By Frederick E. Tilton, M.D.; Federal Air Surgeon
Reprinted with permission from FAA Safety Briefing

You are enjoying the beauty and peace of a night flight. Suddenly, something catches your eye—literally. You are briefly aware of a blinding green light. Then, it seems as if you were punched in the eye. You instinctively close your eyes and try to avoid moving the flight controls in any way. The light subsides and, shaken, you land at the closest airport.

Ideally, you have not experienced this kind of close encounter with a ground-based laser pointer, but you need to be aware of this growing hazard. In 2010, the FAA received reports of more than 2,200 laser illumination incidents, up from around 300 just five years ago. California, Florida, and Texas recorded the most, but no place is immune with the widespread availability of cheap and powerful handheld laser pointers.

An FAA research team at the Civil Aerospace Medical Institute (CAMI) found that while the chances of permanent laser damage are remote, the immediate effects of laser exposure are especially debilitating when the eyes are adapted to low-level cockpit lighting. Physiological effects include glare, flash blindness, and afterimage.

Glare—when an object in the field of vision appears obscured by a bright light source located near the same line of sight.

Flash blindness—a temporary loss of vision that gradually fades after the light source has been removed.

Afterimage—a temporary image in the visual field after exposure to a bright light, like the spot of light you see after a camera flash.

The CAMI researchers noted that the distraction created by a laser illumination incident is significant and developed a list of recommended actions:

  • Anticipate—When operating in a known or suspected laser environment, the non-flying pilot (if present) should be prepared to take control of the aircraft. Consider showing non-pilot passengers how to maintain the established flight path. Laser attacks are most frequently reported near airports, occur between 7:00 and 11:00 p.m., and between 2,000 and 10,000 feet AGL.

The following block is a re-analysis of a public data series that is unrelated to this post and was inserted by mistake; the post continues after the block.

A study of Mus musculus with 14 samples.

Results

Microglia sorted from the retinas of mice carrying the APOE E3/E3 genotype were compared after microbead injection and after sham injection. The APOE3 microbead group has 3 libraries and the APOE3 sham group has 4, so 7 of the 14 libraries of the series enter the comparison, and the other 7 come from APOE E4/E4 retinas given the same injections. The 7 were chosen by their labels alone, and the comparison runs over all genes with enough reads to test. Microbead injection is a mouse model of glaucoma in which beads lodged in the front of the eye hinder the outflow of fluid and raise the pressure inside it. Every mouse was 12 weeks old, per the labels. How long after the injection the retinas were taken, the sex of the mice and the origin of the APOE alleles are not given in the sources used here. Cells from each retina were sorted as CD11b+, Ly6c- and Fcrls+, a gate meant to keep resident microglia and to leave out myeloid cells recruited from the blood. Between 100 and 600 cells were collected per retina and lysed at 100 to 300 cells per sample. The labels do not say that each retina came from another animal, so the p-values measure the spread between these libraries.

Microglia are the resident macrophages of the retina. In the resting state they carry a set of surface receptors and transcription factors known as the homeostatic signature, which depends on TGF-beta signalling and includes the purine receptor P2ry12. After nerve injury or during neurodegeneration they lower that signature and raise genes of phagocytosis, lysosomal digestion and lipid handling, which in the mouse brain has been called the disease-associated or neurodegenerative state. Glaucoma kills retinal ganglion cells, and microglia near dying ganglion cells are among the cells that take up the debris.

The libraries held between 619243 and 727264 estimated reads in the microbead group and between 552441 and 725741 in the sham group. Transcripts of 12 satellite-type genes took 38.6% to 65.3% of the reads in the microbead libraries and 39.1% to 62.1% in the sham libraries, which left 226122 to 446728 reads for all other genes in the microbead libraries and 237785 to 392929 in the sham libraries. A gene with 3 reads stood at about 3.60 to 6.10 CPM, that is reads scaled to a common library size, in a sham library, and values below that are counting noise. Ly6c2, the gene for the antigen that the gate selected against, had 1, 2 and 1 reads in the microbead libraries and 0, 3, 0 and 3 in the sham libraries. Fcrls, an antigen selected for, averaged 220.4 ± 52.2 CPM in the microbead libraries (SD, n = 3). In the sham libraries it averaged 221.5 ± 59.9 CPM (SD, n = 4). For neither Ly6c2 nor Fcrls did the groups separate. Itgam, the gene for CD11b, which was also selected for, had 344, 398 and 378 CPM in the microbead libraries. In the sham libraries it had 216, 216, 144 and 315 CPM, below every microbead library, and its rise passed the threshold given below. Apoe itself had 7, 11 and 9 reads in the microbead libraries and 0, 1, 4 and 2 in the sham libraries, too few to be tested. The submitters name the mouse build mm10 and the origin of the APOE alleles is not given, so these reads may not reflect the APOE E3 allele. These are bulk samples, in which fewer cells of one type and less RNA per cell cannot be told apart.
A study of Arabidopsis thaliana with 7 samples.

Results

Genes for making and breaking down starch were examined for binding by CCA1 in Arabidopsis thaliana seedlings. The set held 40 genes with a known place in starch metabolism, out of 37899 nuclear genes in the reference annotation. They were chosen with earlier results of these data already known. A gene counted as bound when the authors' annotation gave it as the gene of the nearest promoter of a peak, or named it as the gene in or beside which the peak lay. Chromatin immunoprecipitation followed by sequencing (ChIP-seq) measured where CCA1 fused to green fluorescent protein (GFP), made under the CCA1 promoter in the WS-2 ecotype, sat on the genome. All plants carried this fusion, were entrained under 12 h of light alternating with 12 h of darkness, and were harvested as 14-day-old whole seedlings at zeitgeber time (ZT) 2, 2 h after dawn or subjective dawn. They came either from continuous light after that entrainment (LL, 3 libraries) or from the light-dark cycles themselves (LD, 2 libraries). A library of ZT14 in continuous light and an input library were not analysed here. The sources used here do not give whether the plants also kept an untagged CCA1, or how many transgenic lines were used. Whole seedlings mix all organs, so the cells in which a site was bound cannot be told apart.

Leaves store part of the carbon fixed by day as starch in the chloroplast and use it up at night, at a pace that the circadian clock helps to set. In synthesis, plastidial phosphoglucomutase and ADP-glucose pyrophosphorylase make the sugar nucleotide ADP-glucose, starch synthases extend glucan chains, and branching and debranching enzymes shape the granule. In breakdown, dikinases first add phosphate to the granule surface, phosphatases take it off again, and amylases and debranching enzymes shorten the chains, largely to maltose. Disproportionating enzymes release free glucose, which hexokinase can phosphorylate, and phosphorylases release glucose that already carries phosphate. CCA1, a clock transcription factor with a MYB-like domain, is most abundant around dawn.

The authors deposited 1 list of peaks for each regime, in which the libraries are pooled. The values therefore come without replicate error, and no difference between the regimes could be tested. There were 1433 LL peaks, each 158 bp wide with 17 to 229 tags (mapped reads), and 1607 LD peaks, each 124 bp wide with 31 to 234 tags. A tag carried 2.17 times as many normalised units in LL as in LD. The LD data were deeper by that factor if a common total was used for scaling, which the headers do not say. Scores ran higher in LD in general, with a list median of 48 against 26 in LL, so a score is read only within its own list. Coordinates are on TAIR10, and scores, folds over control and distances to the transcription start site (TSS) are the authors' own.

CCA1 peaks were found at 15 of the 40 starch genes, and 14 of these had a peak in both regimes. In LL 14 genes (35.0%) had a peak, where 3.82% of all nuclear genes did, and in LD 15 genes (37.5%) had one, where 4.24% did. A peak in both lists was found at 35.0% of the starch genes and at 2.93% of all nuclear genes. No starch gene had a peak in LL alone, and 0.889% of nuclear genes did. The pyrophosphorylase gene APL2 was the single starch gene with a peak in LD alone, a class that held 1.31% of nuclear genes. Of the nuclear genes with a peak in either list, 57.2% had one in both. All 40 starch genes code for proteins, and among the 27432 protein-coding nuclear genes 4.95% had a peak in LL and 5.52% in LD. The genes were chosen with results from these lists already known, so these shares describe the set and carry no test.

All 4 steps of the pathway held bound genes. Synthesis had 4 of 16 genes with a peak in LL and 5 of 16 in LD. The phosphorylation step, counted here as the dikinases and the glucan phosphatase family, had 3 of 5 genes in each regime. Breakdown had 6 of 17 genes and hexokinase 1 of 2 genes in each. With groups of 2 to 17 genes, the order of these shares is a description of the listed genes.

• Aviate—Check aircraft configuration and consider engaging the autopilot (if installed) or keep the aircraft trimmed for “hands-off” control of heading and altitude.
  • Navigate—While avoiding abrupt maneuvers, consider using the aircraft fuselage to block the laser beam by carefully climbing or turning away from the laser source.
  • Communicate—Inform ATC with as much detail as possible, including location/direction of the beam and your location and altitude.
  • Illuminate—Turn up cockpit lights to minimize further illumination effects.
  • Delegate—If another crewmember has avoided exposure, consider handing over control to that person.
  • Attenuate—Shield your eyes. Do not look directly at the laser beam and avoid drawing others’ attention to the beam.
  • Do Not Exacerbate—Avoid rubbing your eyes.
  • Evaluate—If visual symptoms persist after landing, see an ophthalmologist.

Frederick E. Tilton, M.D., M.P.H., received an M.S. and an M.D. from the University of New Mexico and an M.P.H. from the University of Texas. During a 26-year career with the U.S. Air Force, Tilton logged more than 4,000 hours as a command pilot and senior flight surgeon flying a variety of aircraft. He currently flies the Cessna Citation 560 XL.